New research shows that a small group, of almost exclusively Western men, shift seamlessly between different roles as arbitrator and lawyer in the settlement of multi-million dollar disputes between states and foreign investors.

Tomorrow’s fish farms will be unmanned

Robotics technology is making inroads into the aquaculture sector, making it possible to regulate facilities from onshore.

How to practice the right way

Now we know more about how to get really good at something. This is especially useful for people who are engaged in helping others to develop skills and knowledge — and for parents.

Sufficient levels of fatty acids - without eating fish

Bhaktapur is nearly 1,000 kilometres away from the nearest ocean. Nevertheless, the Nepalese have good levels of marine fatty acids in their blood. The reason for this is a mystery to scientists.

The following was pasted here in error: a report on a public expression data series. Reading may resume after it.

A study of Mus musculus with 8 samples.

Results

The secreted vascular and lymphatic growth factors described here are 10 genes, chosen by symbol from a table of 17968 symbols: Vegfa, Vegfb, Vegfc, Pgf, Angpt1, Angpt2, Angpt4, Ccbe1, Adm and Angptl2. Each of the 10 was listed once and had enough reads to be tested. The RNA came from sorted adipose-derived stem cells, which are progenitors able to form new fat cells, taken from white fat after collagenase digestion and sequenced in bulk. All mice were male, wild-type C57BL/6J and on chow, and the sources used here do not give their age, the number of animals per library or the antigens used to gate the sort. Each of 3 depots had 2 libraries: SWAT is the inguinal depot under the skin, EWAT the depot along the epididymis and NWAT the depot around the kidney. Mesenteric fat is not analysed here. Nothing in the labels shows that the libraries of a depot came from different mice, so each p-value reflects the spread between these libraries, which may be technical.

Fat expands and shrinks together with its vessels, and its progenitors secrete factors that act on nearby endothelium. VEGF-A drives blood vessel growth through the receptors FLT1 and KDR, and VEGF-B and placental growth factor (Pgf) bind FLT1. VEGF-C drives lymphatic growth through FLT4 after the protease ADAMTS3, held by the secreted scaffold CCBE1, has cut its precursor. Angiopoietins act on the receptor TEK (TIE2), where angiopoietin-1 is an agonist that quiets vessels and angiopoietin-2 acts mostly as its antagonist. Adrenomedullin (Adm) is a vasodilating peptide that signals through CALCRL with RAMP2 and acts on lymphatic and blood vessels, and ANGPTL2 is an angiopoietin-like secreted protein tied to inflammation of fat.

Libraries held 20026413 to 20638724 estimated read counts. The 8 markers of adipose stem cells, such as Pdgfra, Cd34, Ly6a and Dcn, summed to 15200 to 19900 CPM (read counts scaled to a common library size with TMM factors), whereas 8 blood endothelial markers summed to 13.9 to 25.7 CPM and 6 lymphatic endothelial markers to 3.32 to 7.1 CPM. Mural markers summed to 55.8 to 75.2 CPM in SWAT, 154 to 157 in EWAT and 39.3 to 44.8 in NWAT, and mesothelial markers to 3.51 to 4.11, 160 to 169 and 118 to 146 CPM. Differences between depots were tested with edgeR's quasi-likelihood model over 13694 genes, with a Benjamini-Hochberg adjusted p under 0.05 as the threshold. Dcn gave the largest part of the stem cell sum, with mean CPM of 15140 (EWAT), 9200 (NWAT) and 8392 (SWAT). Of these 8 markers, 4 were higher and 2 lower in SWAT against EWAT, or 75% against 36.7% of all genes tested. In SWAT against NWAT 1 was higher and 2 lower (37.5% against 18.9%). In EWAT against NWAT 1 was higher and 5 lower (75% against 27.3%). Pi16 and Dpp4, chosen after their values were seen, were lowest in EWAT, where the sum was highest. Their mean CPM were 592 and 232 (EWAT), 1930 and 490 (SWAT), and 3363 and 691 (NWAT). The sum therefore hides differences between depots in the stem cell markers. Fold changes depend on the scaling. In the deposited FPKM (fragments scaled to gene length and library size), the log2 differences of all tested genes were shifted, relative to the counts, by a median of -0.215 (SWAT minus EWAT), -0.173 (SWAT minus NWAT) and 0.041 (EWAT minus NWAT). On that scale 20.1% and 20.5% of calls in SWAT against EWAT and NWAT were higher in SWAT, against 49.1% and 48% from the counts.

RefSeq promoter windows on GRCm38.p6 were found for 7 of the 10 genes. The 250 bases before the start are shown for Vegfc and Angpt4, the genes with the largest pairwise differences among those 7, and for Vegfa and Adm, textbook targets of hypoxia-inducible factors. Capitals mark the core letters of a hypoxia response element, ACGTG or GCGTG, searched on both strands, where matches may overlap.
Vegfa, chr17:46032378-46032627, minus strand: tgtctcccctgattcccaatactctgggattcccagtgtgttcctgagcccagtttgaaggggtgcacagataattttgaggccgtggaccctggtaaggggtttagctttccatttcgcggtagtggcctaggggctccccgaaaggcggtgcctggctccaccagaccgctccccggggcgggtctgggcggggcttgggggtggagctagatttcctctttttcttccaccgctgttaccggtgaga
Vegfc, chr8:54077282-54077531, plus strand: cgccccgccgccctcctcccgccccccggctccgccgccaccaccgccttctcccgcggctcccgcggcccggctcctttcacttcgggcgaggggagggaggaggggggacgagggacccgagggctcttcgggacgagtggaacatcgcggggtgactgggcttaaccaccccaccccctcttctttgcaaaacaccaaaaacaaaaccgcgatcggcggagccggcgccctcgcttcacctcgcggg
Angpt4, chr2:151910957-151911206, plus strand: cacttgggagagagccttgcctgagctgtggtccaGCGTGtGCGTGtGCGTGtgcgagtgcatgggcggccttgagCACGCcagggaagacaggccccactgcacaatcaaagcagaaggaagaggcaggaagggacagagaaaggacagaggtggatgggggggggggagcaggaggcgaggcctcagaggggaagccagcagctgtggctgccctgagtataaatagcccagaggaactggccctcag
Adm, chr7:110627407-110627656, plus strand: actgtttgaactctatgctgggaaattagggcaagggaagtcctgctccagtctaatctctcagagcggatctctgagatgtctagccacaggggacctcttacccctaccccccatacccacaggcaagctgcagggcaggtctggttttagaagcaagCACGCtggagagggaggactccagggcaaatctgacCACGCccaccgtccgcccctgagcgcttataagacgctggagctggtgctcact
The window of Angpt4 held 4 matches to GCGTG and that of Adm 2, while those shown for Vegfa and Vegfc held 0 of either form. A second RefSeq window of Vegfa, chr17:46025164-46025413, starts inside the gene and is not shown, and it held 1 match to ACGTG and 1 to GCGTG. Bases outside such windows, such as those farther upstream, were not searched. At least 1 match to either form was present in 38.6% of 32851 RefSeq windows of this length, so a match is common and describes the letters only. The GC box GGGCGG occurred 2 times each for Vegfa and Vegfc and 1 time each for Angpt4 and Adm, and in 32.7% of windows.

Analysing health records without exposing sensitive information

With the aid of a computer program, researchers can now analyse information in the patient's electronic health record without compromising privacy.

Economists are important in policy-making

Economists have a large impact on policy-making, Johan Christensen writes in his latest book, where he reveals that neutral bureaucrats do not exist.

Hope is green and Chinese

Heavy air pollution has led to increased environmental consciousness in China. A growing number of apps now allow people to check local air quality. Apps also serve as tools for political activism.

Can teacher students be nudged in the right direction?

Hundreds of teacher training education applicants fail to turn up for the start of their study programmes. Behavioural economists have experimented on them to check whether some nudging might help.

Inequality may lead to violence and extremism

While the differences between rich and poor have never been higher across OECD-countries, new research suggests that increased inequality can lead to higher risk of violence, racism, and extremism.

Rusty rivets reveal origin of Icelandic viking ships

Viking ships found in Iceland have decayed and often the only things remaining are the rivets. A group of scientists now believe we can learn a lot from the surviving pieces of iron and have brought them to Norway for examination.